A Successful Trip to Blood Mountain

mountain view

Last year, some friends of mine with whom I was working at the Clemson Libraries went with me to hike to the top of Blood Mountain, which lies along the Appalachian Trail in northern Georgia. It's one of my favorite places, and I was glad to share it with folks who had never been there. Unfortunately, due to rain and low clouds, there wasn't much of a view when we reached the top. This is a pretty strenuous hike, although it is only just over 4 miles up and back, and it was disappointing to have worked so hard for so little to see.

This year, we decided to try it again. I came down from Knoxville, and they came over from South Carolina, bringing another of our friends from Clemson to join. I had gotten there early, as is my habit, and discovered that it was bitter cold that morning. Although I had been prepared for the weather, I recognized that the hat I had brought with me would offer very little in the way of protection from the chill.

So, I stopped off at Mountain Crossings, a hiking outfitter store at the Walasi-Yi Interpretive Center. This store is in a building rebuilt by the Civilian Conservation Corps in the 30s from an original log building erected by a logging company. Both the building and the store are worth a stop, and I always drop in to see what they have. They are clearly hiking enthusiasts and support a wide variety of hikers, since they are built along the Appalachian Trail. 

I went in and found a good knit cap and some warmer socks than those I had brought with me. I also added a t-shirt to my collection of trail shirts. I got to the parking area, which was already filling up, even at 9 am. This is the parking area for the Byron Herbert Reece Trail, and it is not very big, so I'd recommend getting there as early as you can. On this day, I saw a very sizable group gathering and heading up all at once, which accounted for most of the cars.

When the others got there at the appointed time, they struggled to find a parking space, but ended up finding one that would suffice and met me at the trailhead. It was great to see these folks, as I very much miss the people at the Clemson Libraries. And these are some of the people I miss the most. However, in the brisk air, we wasted no time in heading off, to warm up.

And warm up, we did. The trail doesn't start off particularly easy; it let's you know early what you're in for. The trail to the AT is composed mainly of steep switchbacks with a few straight shots that give one a brief breather. We got to the saddle where the Byron Herbert Reece Trail meets the AT and took a few minutes to enjoy the view from there. And to take a short rest, as well.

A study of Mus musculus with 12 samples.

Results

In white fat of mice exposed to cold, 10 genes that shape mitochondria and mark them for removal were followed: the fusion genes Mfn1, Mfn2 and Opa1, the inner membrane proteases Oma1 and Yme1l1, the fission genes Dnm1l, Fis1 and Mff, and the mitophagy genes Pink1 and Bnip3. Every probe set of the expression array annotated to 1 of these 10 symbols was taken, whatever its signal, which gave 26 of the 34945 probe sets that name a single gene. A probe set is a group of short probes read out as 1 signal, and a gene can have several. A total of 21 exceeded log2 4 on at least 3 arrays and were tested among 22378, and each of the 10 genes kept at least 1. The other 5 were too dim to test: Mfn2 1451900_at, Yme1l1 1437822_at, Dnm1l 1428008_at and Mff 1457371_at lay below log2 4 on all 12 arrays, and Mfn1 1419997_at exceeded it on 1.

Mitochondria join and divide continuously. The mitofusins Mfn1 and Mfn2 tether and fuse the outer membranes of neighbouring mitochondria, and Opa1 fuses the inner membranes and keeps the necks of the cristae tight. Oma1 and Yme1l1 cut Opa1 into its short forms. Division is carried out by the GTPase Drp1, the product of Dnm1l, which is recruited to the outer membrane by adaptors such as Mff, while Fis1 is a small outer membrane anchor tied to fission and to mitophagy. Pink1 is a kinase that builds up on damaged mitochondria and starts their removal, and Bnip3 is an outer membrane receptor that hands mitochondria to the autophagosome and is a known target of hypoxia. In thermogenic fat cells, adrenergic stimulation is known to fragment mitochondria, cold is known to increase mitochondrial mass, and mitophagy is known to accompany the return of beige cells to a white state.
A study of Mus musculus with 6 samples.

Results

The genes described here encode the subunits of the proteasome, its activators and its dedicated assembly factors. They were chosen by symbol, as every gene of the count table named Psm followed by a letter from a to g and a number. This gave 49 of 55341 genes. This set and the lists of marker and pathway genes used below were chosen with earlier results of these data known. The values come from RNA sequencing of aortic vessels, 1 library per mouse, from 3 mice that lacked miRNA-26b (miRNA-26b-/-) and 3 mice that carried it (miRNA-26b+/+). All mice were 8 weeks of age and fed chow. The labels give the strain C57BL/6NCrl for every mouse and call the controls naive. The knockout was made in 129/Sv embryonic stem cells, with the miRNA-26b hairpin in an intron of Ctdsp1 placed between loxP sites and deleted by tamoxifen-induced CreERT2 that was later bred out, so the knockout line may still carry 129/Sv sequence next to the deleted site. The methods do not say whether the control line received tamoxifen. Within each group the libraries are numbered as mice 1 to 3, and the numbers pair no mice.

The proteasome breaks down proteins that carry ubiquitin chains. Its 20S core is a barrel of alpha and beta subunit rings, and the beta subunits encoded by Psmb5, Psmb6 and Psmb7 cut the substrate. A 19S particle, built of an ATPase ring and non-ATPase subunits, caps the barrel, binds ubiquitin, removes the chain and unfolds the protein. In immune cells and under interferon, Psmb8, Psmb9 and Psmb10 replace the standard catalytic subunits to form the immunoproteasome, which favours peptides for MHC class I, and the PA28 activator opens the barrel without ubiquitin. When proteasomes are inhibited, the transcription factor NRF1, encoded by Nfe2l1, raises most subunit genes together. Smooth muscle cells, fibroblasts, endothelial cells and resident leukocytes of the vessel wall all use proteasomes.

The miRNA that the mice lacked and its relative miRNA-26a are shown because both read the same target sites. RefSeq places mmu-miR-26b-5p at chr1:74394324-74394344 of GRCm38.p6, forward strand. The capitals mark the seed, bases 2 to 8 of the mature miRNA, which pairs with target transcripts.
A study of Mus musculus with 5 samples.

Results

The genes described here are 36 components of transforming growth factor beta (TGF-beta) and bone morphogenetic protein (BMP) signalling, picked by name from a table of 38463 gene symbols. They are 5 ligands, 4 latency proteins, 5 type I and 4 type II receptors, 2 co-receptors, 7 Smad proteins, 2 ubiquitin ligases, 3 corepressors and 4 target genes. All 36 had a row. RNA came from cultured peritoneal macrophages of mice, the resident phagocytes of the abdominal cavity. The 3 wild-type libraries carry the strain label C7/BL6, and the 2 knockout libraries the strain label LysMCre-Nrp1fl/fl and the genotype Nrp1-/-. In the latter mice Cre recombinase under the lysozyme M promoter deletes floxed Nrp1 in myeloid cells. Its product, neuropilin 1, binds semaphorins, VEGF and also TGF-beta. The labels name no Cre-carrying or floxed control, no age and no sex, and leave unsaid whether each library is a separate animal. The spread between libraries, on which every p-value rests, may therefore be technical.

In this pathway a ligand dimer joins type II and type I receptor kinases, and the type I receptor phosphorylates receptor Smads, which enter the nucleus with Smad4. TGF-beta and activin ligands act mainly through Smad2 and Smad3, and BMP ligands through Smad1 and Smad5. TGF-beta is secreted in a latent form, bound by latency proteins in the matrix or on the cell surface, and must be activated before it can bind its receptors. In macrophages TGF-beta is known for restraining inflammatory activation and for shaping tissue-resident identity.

Going from there, the trail seems to head continually up, with stone stairs and switchbacks that carry one up towards the crown of the mountain. We took a few breaks, but made good time going up. As one nears the top, the trail gets harder to see as a trail, and appears more like a rock climbing exercise. We clambered over the boulders and then started to get to the open areas of stone that signal last part of the upward climb.

These bare patches of rock are perfect for stopping to catch breath and have it taken away by the incredible view. From Blood Mountain, which rises to a height of 4,458 feet, the Appalachians spread out across the horizon. Even at this late stage of autumn, there were still patches of color in the trees. And this year, we could see it, not just a wall of mist.

At the top of the mountain is a shelter built by the CCC in 1937. It is on the National Register of Historic Places, and was repaired very recently. Once we got there, we saw that the large group of hikers I had seen previously were all part of a wedding celebration. This wedding was taking place on a huge boulder that provides the best view of the surroundings. We crept up beneath this rock and stayed out of sight while the wedding completed. It seemed like a fantastic place for such a ceremony, if you can get all of your guests to make the trip up.

We all stayed at the top for a while, eating a bit and taking pictures. After the trip up, it was hard to consider heading back down. But, eventually, we knew we had to go back. So, packing up again, we headed down, mingling with the wedding guests who were also making their way back to the trailhead. 

After making it back down, we headed off to Clarkesville, Georgia for lunch. Good food, good company, great hiking. I'm looking forward to going again next year.


Thanks for the beautiful pics! Being able to see this far reminds me of Arizona, and another wedding in the mountains. While the guests didn't have to work nearly as hard, the views were gorgeous and the memories are fantastic!